From Interdisciplinary Program to Examine Potential Coastal Impacts of Climate Change, Natural Hazards by David Hosansky on NCAR & UCAR News, May 16, 2019
The National Center for Atmospheric Research (NCAR) is launching a significant new program this summer, naming nine early career faculty members from U.S. universities to conduct interdisciplinary research into the impacts of climate change and natural hazards on U.S. coasts.
The Early Career Faculty Innovator Program will partner NCAR scientists with faculty who have expertise in a broad range of disciplines outside NCAR’s core programs, from anthropology and geography to environmental design and civil engineering. Each faculty member will bring a graduate student to assist with research.
The program’s goal is to learn more about potential weather and climate threats and help build greater societal resilience. With storms, flooding, and other weather and climate disasters taking a more expensive toll on the world’s growing population, scientists are increasingly focused on understanding the far-reaching impacts of natural hazards on society.
“This further amplifies the benefit of NCAR research to society,” said NCAR Director Everette Joseph. “When we can connect our science on weather and climate with experts in social sciences, we’re leveraging knowledge in ways that can provide actionable information for decision-makers.”
The nine faculty members coming to NCAR in the summer will address such issues as the potential impacts of changing coastlines on minority populations and the elderly, improving forecasts of coastal flooding, better management of marine resources, and more effective communication of hurricane forecasts.
The National Science Foundation will fund the faculty members and graduate students for a two-year period. Faculty members will have summer sabbaticals at NCAR, while graduate students will get year-round funding.
“This program creates a space for convergence research, bringing together scientists across multiple disciplines to better understand the impacts of environmental change on society,” said Rebecca Haacker, director of NCAR Education and Outreach. “The participating faculty are researching important topics such as human security, health, and marine resource management.”
Haacker and NCAR scientist Cassandra O’Lenick are overseeing the program.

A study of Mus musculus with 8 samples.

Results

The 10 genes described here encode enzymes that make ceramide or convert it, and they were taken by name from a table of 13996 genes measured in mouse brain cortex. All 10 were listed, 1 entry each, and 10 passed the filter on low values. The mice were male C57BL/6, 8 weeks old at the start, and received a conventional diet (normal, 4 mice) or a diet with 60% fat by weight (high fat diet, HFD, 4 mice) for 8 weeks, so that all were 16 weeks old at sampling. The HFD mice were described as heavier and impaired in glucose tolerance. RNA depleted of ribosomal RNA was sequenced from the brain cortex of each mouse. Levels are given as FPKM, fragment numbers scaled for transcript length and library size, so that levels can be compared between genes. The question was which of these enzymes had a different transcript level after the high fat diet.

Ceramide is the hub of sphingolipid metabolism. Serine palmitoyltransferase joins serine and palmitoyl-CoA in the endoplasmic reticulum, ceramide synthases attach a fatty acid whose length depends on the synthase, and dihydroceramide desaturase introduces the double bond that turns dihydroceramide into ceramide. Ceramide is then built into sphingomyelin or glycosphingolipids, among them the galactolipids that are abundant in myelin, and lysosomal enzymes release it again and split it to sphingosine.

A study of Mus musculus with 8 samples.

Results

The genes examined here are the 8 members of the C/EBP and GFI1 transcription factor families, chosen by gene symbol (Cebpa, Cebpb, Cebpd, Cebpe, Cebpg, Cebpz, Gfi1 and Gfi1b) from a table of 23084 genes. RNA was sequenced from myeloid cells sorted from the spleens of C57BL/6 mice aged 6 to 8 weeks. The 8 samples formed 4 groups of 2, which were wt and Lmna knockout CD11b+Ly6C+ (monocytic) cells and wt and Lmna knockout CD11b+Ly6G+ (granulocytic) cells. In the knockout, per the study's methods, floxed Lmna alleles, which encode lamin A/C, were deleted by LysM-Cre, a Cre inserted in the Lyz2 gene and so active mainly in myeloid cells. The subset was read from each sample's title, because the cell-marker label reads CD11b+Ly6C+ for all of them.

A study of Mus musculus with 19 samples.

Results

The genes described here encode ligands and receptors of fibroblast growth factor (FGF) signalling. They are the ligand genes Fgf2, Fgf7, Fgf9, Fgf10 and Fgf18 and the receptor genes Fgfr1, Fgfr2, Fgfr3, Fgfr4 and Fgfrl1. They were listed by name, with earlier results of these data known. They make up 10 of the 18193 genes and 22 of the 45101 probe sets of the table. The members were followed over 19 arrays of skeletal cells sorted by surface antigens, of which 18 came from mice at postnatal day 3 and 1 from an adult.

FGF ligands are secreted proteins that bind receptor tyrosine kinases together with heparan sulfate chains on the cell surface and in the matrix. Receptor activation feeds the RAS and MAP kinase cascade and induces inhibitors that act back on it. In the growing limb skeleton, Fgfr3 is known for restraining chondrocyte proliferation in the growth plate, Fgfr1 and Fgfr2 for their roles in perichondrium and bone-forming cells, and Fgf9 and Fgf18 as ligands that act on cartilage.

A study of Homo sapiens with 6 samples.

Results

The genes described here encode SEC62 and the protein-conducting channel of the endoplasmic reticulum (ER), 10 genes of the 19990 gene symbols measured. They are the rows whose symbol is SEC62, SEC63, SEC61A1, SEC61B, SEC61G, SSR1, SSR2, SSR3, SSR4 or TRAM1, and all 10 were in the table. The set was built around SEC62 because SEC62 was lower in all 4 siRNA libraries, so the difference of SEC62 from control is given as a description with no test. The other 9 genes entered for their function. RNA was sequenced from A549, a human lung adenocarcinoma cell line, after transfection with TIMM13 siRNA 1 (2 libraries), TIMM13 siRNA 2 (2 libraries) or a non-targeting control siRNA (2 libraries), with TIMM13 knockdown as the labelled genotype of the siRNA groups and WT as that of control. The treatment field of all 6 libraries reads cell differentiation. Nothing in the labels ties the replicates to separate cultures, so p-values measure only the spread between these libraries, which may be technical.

2019 FACULTY RESEARCHERS
Among the university faculty in the Early Career Faculty Innovator Program’s 2019 cohort and their areas of research includes Donovan Finn, Assistant Professor of Environmental Design, Policy & Planning in the Sustainability Studies Program at the School of Marine and Atmospheric Sciences at Stony Brook University. His project is titled “A user-driven framework for harnessing atmospheric research to inform planning and policy for coastal resilience.” The abstract is below:
One of our most pressing societal questions is how to manage coastal human settlements as sea levels rise, coasts erode, and extreme weather events become more common. According to NOAA (2017), coastal counties in the US represent less than 10% of the nation’s land area but house 40% of the US population, comprise 30 to 40% of US GDP annually and contain significant numbers of residents from vulnerable socio-demographic groups. Moreover, coasts are growing in population and economic activity, while climate-related risks increase. These risks and their impacts on communities will force planners, engineers, politicians, business owners and residents – in short, everyone – to make increasingly difficult decisions about how to adapt to likely changes in the natural environment and mitigate harmful effects using strategies ranging from coastal retreat to more rigorous building codes to massive infrastructure projects. Making these kinds of critically important decisions will be more effective if they can be informed by actionable climate science and mechanisms for effective communication of regional climate information and its associated uncertainties to decision-makers. Using surveys, review of existing literatures, interviews with planners and other coastal decision-makers as well as close collaboration with NCAR scientists, this project will 1) assess the strengths and weaknesses of available climate-related data sources and decision-making tools used by, and not used by, local coastal stakeholders, 2) develop a better understanding of the barriers to utilizing cutting-edge climate science in local decision-making, and 3) create a framework for more useful and timely knowledge transfer between climate scientists and local planners, regulators and policy-makers.